BHRC and the Bar Council have issued a joint statement for the 8th Day of the Endangered Lawyer, standing in solidarity beside lawyers associations in Europe and around the world, with those lawyers in Egypt who face persecution in furtherance of the protection of the rule of law. The joint statement highlights the persecution lawyers in Egypt face, particularly in the last two years.
The Day of the Endangered Lawyer was founded and is organised by the Foundation for the Day of the Endangered Lawyer based in Harrlem, the Netherlands. The 24th of January was chosen to be the annual International Day of the Endangered Lawyer because on this day in 1977 four lawyers and a co-worker were murdered at their office in Madrid, Spain. This was also known as the Massacre of Atocha.
The Day honours lawyers across the world who put themselves at risk in the fight for human rights and the rule of law. It aims to create awareness that the practice of the legal profession in many countries involves significant risks, but also to denounce the situation in a particular country where lawyers are victims of serious violations of their fundamental rights because of the exercise of their profession. Each year, the persecution of lawyers in a particular country is highlighted, and the Foundation coordinates activities outside of the country’s embassies around the world. Previous Days of the Endangered Lawyer have expressed concern for lawyers in Iran (2010), Turkey (2012), Basque Country/Spain (2013), Colombia (2014), the Philippines (2015), Honduras (2016), and China (2017).
For the protection these lawyers afford to others, they are often watched, tracked, falsely prosecuted, deprived of their liberty, forcibly disappear or even killed. Each of those instances is a serious threat not only to those lawyers, but to the meaningful protection of those whose rights they seek to protect. Through intimidating lawyers, authorities seek to dismantle and undermine fundamental freedoms including the right to freedom of association, freedom of expression and the violation against torture and inhumane and degrading treatment.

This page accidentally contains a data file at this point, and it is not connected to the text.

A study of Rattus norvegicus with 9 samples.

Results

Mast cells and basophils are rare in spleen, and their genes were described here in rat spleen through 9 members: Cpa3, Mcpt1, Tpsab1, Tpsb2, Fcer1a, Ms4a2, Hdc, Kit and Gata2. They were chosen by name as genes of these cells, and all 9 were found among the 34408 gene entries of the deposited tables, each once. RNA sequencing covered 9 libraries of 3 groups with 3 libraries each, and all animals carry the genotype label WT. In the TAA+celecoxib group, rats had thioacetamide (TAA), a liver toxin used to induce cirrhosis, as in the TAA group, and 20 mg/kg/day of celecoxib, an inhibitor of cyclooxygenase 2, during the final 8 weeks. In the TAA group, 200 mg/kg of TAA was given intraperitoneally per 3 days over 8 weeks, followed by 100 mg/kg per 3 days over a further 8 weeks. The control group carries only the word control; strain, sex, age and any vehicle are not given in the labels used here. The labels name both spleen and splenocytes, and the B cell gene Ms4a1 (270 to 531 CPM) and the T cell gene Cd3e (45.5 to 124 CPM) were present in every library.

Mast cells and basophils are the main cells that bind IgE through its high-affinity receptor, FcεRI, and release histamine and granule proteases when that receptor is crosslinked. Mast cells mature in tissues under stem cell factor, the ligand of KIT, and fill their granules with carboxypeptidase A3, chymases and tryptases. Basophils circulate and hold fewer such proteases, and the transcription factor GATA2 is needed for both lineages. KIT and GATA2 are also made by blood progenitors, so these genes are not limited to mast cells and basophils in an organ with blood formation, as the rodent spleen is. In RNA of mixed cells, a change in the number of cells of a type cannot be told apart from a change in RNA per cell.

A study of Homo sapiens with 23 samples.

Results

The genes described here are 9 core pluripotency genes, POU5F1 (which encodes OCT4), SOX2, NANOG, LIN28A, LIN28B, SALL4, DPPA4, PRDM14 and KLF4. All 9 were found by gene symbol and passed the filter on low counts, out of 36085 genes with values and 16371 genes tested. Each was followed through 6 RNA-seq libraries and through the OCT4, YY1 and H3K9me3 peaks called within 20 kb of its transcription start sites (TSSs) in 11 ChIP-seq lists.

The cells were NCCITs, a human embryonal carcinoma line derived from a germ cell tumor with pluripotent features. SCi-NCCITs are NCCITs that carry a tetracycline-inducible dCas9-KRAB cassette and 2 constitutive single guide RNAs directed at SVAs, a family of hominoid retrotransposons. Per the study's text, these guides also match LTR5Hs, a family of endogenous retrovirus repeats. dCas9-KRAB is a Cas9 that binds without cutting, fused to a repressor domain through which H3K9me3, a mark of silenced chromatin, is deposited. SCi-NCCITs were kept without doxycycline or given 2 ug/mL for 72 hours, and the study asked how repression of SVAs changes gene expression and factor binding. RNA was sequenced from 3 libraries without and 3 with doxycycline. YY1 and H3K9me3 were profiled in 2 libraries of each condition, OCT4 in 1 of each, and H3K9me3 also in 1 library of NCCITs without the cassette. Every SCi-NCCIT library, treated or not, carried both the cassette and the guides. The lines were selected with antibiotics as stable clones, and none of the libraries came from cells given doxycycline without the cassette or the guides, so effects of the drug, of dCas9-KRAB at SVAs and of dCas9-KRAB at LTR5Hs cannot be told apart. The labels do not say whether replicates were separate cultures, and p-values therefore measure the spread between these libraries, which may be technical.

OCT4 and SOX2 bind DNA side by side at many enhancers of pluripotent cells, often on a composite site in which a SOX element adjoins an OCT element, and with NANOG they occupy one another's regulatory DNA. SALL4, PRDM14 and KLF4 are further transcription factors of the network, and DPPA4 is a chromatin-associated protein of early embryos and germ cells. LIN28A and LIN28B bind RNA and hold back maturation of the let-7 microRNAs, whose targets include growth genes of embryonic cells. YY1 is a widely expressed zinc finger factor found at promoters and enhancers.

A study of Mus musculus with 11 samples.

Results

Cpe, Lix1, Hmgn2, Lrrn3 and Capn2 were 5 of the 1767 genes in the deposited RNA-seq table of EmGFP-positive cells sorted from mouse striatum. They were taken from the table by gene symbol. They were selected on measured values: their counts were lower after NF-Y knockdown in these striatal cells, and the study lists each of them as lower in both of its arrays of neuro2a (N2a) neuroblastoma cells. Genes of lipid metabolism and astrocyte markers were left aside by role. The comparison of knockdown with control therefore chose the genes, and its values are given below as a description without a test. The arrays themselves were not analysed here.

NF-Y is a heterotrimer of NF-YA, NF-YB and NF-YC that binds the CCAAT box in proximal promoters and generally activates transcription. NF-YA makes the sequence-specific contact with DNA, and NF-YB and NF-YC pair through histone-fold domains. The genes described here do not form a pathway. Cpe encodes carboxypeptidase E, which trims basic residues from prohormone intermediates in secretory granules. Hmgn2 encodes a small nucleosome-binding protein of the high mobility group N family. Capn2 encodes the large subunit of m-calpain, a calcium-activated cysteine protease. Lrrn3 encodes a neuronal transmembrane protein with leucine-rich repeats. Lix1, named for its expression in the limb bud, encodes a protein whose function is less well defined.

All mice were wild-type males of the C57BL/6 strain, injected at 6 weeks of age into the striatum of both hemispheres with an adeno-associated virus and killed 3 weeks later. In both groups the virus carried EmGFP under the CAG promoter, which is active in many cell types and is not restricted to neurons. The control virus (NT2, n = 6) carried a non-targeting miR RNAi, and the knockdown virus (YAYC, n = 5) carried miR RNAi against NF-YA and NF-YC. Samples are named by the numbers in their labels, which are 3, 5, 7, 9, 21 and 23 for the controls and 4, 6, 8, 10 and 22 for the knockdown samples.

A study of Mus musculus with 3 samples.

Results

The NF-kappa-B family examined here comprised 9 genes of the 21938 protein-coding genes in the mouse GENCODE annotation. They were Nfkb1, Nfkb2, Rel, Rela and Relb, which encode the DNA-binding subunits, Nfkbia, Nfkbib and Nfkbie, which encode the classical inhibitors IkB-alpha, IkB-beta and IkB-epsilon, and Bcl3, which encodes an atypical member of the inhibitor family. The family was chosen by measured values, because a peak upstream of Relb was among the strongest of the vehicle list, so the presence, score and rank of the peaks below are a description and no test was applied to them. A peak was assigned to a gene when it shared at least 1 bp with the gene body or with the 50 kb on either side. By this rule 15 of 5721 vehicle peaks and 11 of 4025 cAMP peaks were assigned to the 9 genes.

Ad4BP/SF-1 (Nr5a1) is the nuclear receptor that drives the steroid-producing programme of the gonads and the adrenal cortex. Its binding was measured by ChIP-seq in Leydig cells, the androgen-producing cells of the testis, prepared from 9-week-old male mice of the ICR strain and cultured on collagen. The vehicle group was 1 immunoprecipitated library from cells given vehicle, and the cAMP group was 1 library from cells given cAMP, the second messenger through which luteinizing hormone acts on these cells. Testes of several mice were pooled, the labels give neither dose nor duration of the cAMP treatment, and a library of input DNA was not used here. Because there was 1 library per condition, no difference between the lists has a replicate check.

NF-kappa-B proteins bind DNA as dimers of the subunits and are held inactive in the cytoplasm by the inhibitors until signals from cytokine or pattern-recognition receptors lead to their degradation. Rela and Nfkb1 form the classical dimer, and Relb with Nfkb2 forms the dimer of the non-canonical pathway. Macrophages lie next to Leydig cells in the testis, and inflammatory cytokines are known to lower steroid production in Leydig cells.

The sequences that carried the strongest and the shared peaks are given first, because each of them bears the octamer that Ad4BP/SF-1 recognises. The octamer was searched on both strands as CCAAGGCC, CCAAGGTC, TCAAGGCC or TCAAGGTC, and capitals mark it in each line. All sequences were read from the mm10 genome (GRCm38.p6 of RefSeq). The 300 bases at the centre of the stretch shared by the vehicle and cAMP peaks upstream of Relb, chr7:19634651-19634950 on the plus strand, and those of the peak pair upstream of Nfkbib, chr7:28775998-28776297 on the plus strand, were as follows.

In the joint statement, BHRC and Bar Council reiterate the call for the Egyptian government to take immediate steps to:
- Cease the continuing arrests and detention of lawyers for reasons related to the performance of their professional functions
- Review and, where appropriate, withdraw all investigations and criminal charges against such lawyers
- Restore and guarantee respect for the rights of lawyers and human rights defenders
- Release all lawyers currently being detained in violation of international human rights laws and standards and domestic obligations
- Ensure full protection for lawyers from further intimidation, harassment or obstruction in the performance of their professional duties
- Respond favourably to the request of the UN Special Rapporteur on the Independence of Judges and Lawyers to conduct a country visit to Egypt and permit the visit, and
- Reaffirm and uphold Egypt’s commitment to the rule of law and human rights.
BHRC has taken a leading role in addressing the persecution of human rights lawyers in Egypt. In 2016, BHRC, along with EuroMed Rights and the Cairo Institute for Human Rights Studies, called upon the President of of Egypt to end the persecution against lawyers in Egypt. Since then, BHRC has continued to raise concern for lawyers who face travel bans, asset freezes, prosecution and arrest.
Azza Soliman is currently the subject of a travel ban and asset freezes without formal legal process or prior notification in relation to her work with CEWLA promoting gender equality through awareness-raising and legislative reform. She was arrested in December 2016, and though later released on bail, is still under investigation without evidence for receiving foreign funding “with the aim of harming national security,” tax evasion, and funding an illegal entity. Soliman has appealed the travel ban and asset freeze, but the proceedings have been systematically postponed.
Malek Adly previously faced prosecution after protesting and filing suit against the Egyptian government’s agreement with Saudi Arabia to cede control of two Red Sea islands. He was charged with attempting to overthrow the regime and “inciting protests.” During his prosecution, Adly was detained and held in solitary confinement for 115 days. During that time he was reportedly beaten and denied family and lawyer visitation. Although he was released, the investigation against him continues and the charges have not been dropped. He is still subject to a travel ban and has since been called in for interrogations and accused of conducting activities with the purpose of harming national security as an employee at the Hisham Mubarak Law Center in 2010.
You can read the full statement from BHRC and the Bar Council here.
For more information on endangered lawyers in Egypt, see the report from the Day of the Endangered Lawyer Foundation here.